The majority of Nigeria’s approximately 70 million Christians are either Roman Catholic (at least 18.9 million) or Anglican (18 million), but a diverse group of Protestant churches also claim significant members, including Baptists (the Nigerian Baptist Convention claims 6 million worshipping members), Presbyterians, Assemblies of God, Methodists, the Evangelical Reformed Church of Christ, and what are known as the Aladura churches (Pentecostal and Spiritualist independent churches which emerged out of the Anglican Church during colonialism).
Roman Catholics and Methodists are predominant in southeasterly Igboland, while Anglicans and other Protestants (including Aladura Christians) have maintained a strong influence over Yorubaland in the southwest. The most dramatic growth within Nigerian Christianity in recent decades has been among those who identify as Evangelical or Pentecostal (either as members of newer movements or denominations, or charismatic versions of Roman Catholicism or Protestantism).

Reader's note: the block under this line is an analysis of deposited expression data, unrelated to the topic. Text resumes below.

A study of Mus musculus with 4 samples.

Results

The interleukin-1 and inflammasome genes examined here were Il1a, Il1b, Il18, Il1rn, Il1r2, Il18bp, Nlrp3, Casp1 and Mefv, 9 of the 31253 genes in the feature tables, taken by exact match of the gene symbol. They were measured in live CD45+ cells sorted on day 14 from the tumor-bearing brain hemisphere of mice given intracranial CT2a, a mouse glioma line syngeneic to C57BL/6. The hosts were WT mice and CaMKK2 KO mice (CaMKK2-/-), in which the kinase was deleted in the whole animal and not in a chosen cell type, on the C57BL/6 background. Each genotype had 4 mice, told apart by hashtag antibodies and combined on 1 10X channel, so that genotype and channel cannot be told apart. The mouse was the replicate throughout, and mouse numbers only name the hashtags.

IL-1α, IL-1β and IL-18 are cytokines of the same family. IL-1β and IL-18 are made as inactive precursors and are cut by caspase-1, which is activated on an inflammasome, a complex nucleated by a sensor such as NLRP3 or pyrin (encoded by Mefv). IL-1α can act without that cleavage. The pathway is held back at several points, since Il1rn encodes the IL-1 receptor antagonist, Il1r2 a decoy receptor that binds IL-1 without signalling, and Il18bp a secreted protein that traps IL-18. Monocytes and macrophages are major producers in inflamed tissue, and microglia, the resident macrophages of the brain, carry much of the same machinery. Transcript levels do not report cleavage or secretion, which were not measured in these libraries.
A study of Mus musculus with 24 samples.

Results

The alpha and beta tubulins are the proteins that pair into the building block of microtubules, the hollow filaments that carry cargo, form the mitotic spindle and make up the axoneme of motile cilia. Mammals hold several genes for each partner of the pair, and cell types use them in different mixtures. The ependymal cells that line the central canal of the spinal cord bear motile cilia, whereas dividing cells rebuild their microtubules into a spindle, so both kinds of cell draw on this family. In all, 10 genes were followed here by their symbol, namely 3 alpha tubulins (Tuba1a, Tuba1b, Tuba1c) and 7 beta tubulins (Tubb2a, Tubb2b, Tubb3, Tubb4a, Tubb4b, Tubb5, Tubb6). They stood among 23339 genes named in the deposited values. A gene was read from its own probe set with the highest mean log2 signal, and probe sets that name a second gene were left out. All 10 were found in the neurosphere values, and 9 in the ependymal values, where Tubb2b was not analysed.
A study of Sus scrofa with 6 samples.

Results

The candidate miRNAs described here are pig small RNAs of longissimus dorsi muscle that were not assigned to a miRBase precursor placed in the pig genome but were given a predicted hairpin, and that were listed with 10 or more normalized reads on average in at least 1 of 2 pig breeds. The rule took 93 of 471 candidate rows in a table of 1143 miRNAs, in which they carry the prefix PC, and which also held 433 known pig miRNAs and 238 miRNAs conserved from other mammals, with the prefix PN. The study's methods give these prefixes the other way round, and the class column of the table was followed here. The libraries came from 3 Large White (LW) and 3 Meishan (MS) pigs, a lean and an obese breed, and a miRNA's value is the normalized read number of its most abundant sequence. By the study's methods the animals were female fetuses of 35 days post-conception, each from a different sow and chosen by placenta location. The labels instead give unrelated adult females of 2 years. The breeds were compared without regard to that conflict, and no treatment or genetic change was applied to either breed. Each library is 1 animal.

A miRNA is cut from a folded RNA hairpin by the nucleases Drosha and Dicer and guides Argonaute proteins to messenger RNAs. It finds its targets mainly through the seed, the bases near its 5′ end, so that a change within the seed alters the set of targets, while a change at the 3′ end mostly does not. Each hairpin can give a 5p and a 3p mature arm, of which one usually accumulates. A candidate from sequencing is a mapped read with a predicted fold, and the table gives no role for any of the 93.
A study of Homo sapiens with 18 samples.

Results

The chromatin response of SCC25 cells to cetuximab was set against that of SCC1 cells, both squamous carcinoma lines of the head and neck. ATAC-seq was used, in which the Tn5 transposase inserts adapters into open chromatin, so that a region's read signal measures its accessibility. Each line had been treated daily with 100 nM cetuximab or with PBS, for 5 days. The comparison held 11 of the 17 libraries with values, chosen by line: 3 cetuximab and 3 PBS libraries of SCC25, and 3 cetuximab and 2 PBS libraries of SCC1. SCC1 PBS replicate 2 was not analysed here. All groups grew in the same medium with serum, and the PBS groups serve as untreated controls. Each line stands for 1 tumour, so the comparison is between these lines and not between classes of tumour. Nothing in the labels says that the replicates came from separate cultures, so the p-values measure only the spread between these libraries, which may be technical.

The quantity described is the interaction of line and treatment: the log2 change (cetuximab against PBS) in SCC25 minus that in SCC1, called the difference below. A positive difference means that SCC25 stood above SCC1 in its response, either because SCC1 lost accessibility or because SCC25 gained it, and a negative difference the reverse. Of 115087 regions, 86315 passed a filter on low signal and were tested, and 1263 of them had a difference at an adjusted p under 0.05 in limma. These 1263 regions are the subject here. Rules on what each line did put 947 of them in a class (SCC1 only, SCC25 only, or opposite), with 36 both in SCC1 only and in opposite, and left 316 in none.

A Pew Forum survey in 2006 showed that roughly six in ten Protestants in Nigeria and three in ten Catholics were charismatic or Pentecostal. Though numbers are hard to estimate in these largely decentralized movements, the Evangelical Church Winning All claims 5 million members (mostly in the central region, but also in the north), and several large megachurches dot Nigeria’s landscape (perhaps the best known is Winners’ Chapel in greater Lagos, whose Faith Tabernacle seats more than 50,000 people). There has also been a steady population of Jehovah’s Witnesses, and a small but growing population identified with the Church of Jesus Christ of Latter-day Saints (Mormon).
"Overview: Pentecostalism in Africa," Pew Research Center, October 5, 2006, accessed March 12, 2014.